Multiple sclerosis (summary)

Last revised by Frank Gaillard on 14 Sep 2019
This is a basic article for medical students and other non-radiologists

Multiple sclerosis (MS) is a chronic demyelinating condition affecting the central nervous system. Diagnosis requires good history, clinical examination, appropriate imaging, and laboratory tests (cerebrospinal fluid for IgG index and oligoclonal bands).

It is typified by "plaques" of disease which are spread by location and time. MRI is frequently the first-line imaging modality for diagnosis and follow-up.

Reference article

This is a summary article; read more in our article on multiple sclerosis.

  • epidemiology
    • worldwide condition with strong geographical variation 1
      • overall prevalence is 30 per 100,000
    • the average of onset is 29 years
      • cases recognized from teens to over-60s
    • there is a strong female preponderance - M:F = 1:2-3
  • presentation
    • depends on the location of plaques
    • classification
      • clinically isolated syndrome (CIS); isolated neurological deficit with a solitary plaque on imaging; progression to MS is not certain
      • relapsing-remitting (RRMS); 70% of cases; on-off periods of symptoms with a full resolution in between flares
      • secondary progressive (SPMS); progression of symptoms in RRMS with the deterioration of baseline functioning
      • primary progressive (PPMS); progressive deterioration from diagnosis; little or no remission
  • pathophysiology
    • white matter demyelination
      • visible on MRI as plaques of disease
    • damage to the myelin sheath surrounding axons
      • little or no underlying neuronal damage
      • likely autoimmune, cellular-mediated condition
    • no unifying cause or trigger
      • some genetic and environmental factors 3
  • investigation
    • CT may be performed because of focal neurology but is insensitive
    • MRI is the investigation of choice
      • should be performed with contrast and include the spine
  • treatment
    • managed by neurologists in specialist centers
    • treatment is focused on slowing progression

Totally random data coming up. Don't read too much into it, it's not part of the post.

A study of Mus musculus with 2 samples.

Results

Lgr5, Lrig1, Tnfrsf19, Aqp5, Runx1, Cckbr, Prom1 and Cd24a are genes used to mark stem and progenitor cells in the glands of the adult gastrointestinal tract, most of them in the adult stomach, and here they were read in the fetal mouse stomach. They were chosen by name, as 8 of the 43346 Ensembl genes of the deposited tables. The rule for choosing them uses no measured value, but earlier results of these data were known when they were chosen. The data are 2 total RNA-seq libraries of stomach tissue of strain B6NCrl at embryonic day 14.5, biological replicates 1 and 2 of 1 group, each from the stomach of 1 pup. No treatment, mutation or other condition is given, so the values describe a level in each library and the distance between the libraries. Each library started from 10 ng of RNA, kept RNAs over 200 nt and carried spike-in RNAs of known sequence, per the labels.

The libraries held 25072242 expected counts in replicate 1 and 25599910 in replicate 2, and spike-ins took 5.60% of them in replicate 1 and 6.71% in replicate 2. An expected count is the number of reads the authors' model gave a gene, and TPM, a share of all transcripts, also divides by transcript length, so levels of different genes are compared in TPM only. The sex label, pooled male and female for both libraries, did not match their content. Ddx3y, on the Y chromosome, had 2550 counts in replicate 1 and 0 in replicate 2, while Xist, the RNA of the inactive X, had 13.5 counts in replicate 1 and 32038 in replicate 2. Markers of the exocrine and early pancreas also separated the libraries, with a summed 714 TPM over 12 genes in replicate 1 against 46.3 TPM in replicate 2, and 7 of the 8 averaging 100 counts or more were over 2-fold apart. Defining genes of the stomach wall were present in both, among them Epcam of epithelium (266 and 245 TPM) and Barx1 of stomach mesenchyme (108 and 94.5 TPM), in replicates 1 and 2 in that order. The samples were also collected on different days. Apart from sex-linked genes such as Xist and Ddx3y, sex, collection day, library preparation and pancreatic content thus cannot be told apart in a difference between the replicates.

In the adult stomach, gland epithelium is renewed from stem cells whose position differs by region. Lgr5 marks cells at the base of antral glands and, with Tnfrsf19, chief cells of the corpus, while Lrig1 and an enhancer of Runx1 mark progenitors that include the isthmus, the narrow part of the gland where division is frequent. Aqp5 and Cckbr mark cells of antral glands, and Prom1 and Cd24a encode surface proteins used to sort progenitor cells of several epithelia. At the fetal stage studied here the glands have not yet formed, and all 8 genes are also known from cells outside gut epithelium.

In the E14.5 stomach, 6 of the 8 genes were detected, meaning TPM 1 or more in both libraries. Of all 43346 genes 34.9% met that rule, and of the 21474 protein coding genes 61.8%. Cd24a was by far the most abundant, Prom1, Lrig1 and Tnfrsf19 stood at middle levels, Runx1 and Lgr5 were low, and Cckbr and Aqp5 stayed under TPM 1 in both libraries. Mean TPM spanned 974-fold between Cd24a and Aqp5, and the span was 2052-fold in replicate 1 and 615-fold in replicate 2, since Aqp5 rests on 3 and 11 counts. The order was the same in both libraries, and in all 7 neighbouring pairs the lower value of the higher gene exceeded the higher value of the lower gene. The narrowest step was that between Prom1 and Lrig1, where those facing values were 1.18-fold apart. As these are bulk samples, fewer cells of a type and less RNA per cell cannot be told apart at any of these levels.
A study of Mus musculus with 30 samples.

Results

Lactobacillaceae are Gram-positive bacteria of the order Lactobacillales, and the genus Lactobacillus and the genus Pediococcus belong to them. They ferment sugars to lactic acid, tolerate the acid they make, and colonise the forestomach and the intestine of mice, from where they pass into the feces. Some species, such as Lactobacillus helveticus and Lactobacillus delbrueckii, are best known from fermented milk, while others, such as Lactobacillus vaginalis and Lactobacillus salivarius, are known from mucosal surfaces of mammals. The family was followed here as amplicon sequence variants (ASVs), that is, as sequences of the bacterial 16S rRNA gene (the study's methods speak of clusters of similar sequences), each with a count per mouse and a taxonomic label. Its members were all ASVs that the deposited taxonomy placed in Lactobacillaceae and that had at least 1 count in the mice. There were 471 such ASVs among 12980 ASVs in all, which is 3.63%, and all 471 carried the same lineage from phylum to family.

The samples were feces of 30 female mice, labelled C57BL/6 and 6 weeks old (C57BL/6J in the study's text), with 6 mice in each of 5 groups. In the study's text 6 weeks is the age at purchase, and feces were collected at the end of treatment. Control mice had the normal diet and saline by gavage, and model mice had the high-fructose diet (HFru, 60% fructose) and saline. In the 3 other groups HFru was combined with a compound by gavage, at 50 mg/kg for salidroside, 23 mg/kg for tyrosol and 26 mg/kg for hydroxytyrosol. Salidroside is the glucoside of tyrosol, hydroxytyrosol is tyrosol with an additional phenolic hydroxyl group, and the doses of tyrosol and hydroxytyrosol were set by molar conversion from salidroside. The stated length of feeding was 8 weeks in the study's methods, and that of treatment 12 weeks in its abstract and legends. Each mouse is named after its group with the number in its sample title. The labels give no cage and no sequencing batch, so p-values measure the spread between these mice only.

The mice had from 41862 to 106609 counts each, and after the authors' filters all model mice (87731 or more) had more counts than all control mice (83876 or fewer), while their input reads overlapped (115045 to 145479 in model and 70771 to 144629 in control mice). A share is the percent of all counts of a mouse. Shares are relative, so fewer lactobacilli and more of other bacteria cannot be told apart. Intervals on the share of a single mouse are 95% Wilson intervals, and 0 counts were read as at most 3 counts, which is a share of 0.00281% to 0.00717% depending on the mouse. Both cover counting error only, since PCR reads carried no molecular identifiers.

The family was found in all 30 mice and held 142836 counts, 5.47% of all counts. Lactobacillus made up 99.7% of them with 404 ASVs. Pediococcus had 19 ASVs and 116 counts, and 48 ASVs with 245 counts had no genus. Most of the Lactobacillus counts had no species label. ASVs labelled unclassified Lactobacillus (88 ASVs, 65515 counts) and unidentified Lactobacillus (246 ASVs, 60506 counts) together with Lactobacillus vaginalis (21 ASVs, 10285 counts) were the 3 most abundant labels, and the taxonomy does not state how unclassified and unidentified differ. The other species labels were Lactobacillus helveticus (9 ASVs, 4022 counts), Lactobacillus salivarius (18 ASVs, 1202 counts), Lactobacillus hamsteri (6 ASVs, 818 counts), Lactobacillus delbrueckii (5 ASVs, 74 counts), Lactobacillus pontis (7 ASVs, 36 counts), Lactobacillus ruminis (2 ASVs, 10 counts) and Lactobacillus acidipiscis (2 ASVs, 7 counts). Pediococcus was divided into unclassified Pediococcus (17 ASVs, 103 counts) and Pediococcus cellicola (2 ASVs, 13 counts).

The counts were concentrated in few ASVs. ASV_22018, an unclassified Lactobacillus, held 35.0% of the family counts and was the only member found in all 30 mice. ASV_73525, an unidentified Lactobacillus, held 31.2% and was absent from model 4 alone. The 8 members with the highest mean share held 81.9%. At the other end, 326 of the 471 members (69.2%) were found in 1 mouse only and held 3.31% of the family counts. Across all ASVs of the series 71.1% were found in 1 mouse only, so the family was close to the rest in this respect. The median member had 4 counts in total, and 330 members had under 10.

• disease-modifying agents and steroids may be used
    • multi-disciplinary team involvement is important
    • huge psychological burden
  • role of imaging
    • initial diagnosis
    • determine degree of involvement, e.g. spine
    • follow up of plaques
  • radiographic features
    • CT
      • not particularly helpful in the assessment of MS
      • may be normal
      • large plaques may cause edema which can be seen at CT
      • active plaques may enhance
    • MRI
      • preferred imaging modailty for diagnosis and follow up
      • best visualized on a fluid-sensitive sequence, e.g. T2, FLAIR
      • white matter lesions
      • characteristic periventricular, they tend to extend perpendicularly and on sagittal views are called "Dawson's fingers" (case 1)
      • lesions may occur throughout the CNS and be found in a variety of locations, e.g. juxtacortical, brainstem, cerebellum, or spinal cord (also part of the CNS)
      • enhancement is a marker of activity and can be used to determine lesion load and disease progression (case 4)
      • limits of conventional MRI technique: it is less sensitive to the associated diffuse damage in normal-appearing white matter.5 In fact, normal-appearing white matter in post-mortem studies of patients with MS - despite retaining myelin - often exhibits chronic injury.6 Advanced MRI techniques such as diffusion tensor imaging (DTI) has shown promise as more specific.

ADVERTISEMENT: Supporters see fewer/no ads

Cases and figures

  • Case 1: "Dawson's fingers"
    Drag here to reorder.
  • Case 2: intracranial MS
    Drag here to reorder.
  • Case 3: T1 black holes
    Drag here to reorder.
  • Case 4: composite with contrast enhancement
    Drag here to reorder.
  • Updating… Please wait.

     Unable to process the form. Check for errors and try again.

     Thank you for updating your details.